FoodReference.com (since 1999)
Food Articles, News & Features Section
Home | Food Articles | Food Trivia | Today In Food History | Food Timeline | Videos | Recipes
Cooking Tips | Food Quotes | Who's Who | Food Trivia Quizzes | Crosswords | Food Poems
Free Magazines | Recipe Contests | Culinary Schools | Gourmet Tours | Food Festivals
Since the earliest days of mankind, fire has been both a friend and foe.
Apart from potential maiming or loss of life, every fire is loss of capital and resources. Insuring property adequately is a precaution no restaurant or hotel owner must ignore. Fire, even if the property was adequately insured, always represents loss of business, income, and hardship for employees. But the community loses too – taxes and services.
As early as 200 B.C volunteer fire fighting brigades existed in Mediterranean countries. During the great fire of Rome (64.B.C) fire brigades looked on helplessly as the flames rages. They were too overwhelming for the brigades with practically no equipment. Istanbul, Paris, London, Rome, Tokyo, and Hamburg, all experiences monumental fires devastating huge section.
Three conditions induce fires:
• Heat required to ignite
• Oxygen to support combustion
Most fires are caused due to carelessness. Employees must be constantly reminded to be careful, and trained in case of fire.
There are three classes of fires:
• Class A (ignition of paper, wood, cotton. They can be fought with water)
• Class B (ignition of grease. Can be fought by blanketing with carbon dioxide) Occurs in restaurants with grease-laden hood filters, and dirty ducts).
• Class C (caused by electricity – must be fought with special chemicals)
Several early efficient warning detection and suppression systems are available and highly recommended.
Heat – and smoke detectors are regulation devices in most industrialized countries.
Smoke detectors are now standard installations in all public areas of hotels and restaurants. Sensitivity of smoke alarm systems in guest rooms must be adjusted. Fire retardant mattresses, furniture, and curtains are highly recommended
Fire department regulations require 30” (75 cm) wide doors, 36” (90cm) stairways, 44” (110cm) corridor doors and minimum of 6’8” (183 cm) to 7” (213 cm) before certifying the establishment and insist that all fire exists must be accessible at all times. Deaths in public areas occur due to trampling at exit doors, and by smoke inhalation.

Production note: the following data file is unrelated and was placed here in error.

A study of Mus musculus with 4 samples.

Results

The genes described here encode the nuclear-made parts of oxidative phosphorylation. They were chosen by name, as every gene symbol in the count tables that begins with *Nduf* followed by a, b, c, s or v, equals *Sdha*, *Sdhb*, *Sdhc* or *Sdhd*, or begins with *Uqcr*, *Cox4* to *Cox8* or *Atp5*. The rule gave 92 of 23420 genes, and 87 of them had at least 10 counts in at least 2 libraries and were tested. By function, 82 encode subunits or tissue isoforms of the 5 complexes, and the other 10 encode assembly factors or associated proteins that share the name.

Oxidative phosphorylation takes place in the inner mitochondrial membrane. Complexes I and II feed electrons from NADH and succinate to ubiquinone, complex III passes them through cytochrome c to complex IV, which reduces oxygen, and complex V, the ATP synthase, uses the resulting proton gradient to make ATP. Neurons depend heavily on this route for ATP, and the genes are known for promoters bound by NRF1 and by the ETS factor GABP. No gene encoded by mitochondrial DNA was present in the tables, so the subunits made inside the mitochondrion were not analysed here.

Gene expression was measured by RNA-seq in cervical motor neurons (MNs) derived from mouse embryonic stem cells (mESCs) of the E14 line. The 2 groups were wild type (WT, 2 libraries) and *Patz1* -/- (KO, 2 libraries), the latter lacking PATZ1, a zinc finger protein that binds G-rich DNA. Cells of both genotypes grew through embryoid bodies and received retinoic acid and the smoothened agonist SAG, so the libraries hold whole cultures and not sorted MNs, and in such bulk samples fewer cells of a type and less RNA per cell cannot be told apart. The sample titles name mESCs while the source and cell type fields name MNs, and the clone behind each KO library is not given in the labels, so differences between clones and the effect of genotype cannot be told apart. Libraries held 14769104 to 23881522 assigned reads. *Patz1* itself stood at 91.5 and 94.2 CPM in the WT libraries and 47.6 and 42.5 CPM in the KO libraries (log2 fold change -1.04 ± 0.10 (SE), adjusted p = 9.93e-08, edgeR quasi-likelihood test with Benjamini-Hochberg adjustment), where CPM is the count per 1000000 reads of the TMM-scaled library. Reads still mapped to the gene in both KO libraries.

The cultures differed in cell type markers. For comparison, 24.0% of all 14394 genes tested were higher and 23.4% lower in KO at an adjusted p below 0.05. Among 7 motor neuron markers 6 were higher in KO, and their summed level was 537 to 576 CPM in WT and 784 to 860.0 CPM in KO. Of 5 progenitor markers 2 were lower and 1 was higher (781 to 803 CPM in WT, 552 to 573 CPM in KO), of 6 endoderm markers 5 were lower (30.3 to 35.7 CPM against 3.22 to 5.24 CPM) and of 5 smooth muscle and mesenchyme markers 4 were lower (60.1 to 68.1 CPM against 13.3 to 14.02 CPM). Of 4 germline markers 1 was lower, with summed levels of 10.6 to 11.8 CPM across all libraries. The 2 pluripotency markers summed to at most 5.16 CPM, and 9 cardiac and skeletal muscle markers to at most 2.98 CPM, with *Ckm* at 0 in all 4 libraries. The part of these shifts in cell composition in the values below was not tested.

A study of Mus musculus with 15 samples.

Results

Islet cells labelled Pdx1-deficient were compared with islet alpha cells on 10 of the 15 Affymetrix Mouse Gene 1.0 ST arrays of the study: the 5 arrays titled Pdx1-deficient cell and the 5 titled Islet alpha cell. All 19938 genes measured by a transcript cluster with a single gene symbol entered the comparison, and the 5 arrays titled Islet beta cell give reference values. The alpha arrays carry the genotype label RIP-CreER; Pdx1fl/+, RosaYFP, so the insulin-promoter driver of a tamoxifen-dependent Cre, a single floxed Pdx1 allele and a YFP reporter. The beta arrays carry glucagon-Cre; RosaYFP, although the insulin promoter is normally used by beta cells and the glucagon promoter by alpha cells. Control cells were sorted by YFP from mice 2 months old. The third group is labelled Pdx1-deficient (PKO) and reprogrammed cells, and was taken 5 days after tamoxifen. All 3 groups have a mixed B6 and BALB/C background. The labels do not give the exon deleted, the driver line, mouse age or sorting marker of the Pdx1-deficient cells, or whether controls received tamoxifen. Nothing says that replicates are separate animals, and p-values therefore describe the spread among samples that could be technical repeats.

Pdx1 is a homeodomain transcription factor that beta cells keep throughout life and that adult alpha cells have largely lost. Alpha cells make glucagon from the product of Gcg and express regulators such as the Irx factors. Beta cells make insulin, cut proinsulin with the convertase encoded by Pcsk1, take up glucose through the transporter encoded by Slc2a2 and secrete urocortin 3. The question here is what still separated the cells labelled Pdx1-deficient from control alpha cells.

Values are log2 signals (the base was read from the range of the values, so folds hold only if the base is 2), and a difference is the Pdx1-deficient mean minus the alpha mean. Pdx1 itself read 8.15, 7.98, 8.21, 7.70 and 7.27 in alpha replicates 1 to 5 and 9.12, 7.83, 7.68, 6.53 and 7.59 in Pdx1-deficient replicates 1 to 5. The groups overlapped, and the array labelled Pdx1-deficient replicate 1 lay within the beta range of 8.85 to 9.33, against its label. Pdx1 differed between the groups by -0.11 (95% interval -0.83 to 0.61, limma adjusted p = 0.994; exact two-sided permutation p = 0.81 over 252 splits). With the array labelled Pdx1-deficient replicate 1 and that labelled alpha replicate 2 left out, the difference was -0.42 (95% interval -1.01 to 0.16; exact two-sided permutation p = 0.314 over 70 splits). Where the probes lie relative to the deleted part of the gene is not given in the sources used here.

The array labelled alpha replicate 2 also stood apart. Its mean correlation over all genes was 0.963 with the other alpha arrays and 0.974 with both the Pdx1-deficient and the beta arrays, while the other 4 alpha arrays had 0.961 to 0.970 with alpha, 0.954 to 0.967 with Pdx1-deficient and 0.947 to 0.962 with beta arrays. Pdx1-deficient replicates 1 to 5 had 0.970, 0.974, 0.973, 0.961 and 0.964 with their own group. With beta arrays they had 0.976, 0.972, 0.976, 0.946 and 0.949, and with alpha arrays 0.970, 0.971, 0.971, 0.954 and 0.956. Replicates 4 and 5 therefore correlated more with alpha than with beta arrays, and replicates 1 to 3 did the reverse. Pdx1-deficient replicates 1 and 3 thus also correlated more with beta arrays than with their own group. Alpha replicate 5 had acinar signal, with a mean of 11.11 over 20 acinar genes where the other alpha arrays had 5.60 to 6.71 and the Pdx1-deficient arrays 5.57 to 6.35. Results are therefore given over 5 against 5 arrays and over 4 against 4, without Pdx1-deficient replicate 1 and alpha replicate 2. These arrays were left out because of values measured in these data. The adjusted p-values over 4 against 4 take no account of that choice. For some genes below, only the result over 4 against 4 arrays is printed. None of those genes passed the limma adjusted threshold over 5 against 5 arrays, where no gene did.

Keeping crowds calm and orderly saves many lives, and management must develop detailed plans to achieve that goal.
A well-equipped restaurant/hotel with well-rehearsed evacuation plans pays lower insurance premiums.
Points to ponder when looking for insurance
Insurance premiums are at an all time high, and all businesses shopping for insurances should consider only well-established, reputable companies, with a good service track record.
The following will help lower insurance premiums:
• No smoking in all storage areas
• Daily removal of all combustible material
• Minimum amount of combustible liquids on the premises
• Regularly maintained and cleaned HVAC system
• Well-maintained breakers, equipment, cords, machinery
• Automatic fire extinguishers
• All deep fryers must be programmed to stop operating at 475F (160C)
• Twice yearly fire drills
• Adequate exterior lighting
• All steps and ramps to be fitted with handrails
• Traffic flow signs in parking areas
• Specially marked “handicapped” parking
• Automatic doors of good quality
• All entrances and exists must be properly illuminated
• Frequent pest control
• Only certified and healthy individuals must be hired
• Employees must sign a form indicating their abstinence from illegal drugs
• Daily bank deposits at irregular times
• Removal of ice, when necessary, from all public areas and parking lots.
Article contributed by Hrayr Berberoglu, a Professor Emeritus of Hospitality and Tourism Management specializing in Food and Beverage. Books by H. Berberoglu
Please feel free to link to any pages of FoodReference.com from your website.
For permission to use any of this content please E-mail: firstname.lastname@example.org
All contents are copyright © 1990 - 2016 James T. Ehler and www.FoodReference.com unless otherwise noted. All rights reserved.
You may copy and use portions of this website for non-commercial, personal use only.
Any other use of these materials without prior written authorization is not very nice and violates the copyright.
Please take the time to request permission.